How to deal with a "low quality" armchair mapper?

First off: I don’t want to expose them or flame; this was the most accurate title I could think of.

While browsing through OSMCha, I have encountered a new mapper (registered ~3 months ago); they map mostly in less-mapped areas with lots of scattered buildings and low-res imagery. They seem to use the standard iD+Bing combo.

The mapping quality isn’t really up to OSM standards:

  • Building outlines are drawn very roughly (not rectangular, areas oftentimes twice as large, not aligned with the imagery, …)
  • Fantasy buildings are drawn (due to bad imagery?)
  • Real buildings are not mappped

So far, so okay. We all were newbies once and this happens. I have reached out to them via CS comments and shared some tips.

The problem:

Even though the user was created 3 months ago, they already have approx. 1000 edits with many new buildings created per edit (sometimes 100, sometimes 999). :face_with_spiral_eyes:

Depending on their answer, they might change their future mapping behaviour. I do believe that they are motivated and willing to learn (every CS tagged review_requested).

But what about the past edits? They are quite problematic. Should they be all reverted? But that might be very demotivating for them. Manual inspection is far too tedious though. I can’t (don’t want to) review 1k changes.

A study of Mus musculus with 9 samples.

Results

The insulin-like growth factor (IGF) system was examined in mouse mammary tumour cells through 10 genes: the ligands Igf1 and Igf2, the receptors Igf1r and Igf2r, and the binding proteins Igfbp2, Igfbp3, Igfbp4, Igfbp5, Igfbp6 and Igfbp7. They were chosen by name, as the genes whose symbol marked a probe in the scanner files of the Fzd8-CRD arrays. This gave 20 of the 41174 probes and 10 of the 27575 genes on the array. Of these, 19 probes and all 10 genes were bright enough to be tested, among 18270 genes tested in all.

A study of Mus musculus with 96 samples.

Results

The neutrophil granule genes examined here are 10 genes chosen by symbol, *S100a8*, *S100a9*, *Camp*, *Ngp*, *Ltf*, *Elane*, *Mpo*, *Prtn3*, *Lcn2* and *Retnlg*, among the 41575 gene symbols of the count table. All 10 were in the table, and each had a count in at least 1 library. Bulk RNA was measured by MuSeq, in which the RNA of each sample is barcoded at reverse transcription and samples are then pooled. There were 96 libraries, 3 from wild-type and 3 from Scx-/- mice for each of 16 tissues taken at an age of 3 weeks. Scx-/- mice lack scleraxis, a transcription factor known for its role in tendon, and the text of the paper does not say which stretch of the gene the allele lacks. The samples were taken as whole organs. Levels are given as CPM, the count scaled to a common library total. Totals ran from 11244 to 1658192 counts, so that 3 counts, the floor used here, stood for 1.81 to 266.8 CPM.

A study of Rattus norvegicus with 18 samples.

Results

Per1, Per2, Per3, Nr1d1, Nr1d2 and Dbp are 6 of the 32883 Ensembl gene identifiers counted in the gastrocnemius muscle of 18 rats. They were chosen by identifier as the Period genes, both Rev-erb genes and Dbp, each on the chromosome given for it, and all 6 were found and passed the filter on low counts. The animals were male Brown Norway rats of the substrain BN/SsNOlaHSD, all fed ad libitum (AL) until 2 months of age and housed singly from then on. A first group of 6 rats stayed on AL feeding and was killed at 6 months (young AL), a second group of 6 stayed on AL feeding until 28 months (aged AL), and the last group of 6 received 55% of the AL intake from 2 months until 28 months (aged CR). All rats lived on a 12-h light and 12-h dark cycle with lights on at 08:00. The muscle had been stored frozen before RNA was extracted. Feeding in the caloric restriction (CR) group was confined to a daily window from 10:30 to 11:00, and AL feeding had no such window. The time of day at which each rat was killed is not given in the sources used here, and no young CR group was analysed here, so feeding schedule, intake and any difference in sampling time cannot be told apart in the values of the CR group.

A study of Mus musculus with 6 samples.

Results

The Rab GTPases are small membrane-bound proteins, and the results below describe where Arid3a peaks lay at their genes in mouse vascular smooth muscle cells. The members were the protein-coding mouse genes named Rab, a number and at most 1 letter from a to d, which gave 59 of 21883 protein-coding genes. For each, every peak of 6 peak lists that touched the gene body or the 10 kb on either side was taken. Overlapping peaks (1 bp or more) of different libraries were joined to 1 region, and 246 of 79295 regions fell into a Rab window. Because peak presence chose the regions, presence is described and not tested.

What to do now?

My general take on this, is that the mapper in question should fix their own mistakes, and if they are really interested in OSM that shouldn’t be an issue. So you should first point out what the problem is with the edits and then how best to fix the problems.


From what you’re describing (not rectangular buildings, missing buildings) sounds to me the user uses some kind of AI recognition without checking the automated results.
As @SimonPoole wrote: Try to contact the user and tell him about your concerns.


That sounds reasonable, thank you!

That is what I first thought as well but: It is kinda too bad for AI :eyes:.

Anyways, they don’t use rapiD or something, so they would have to import it manually into iD, which I doubt they do.



Absolutely, your perspective on the importance of user engagement and support within OpenStreetMap (OSM) is well-founded.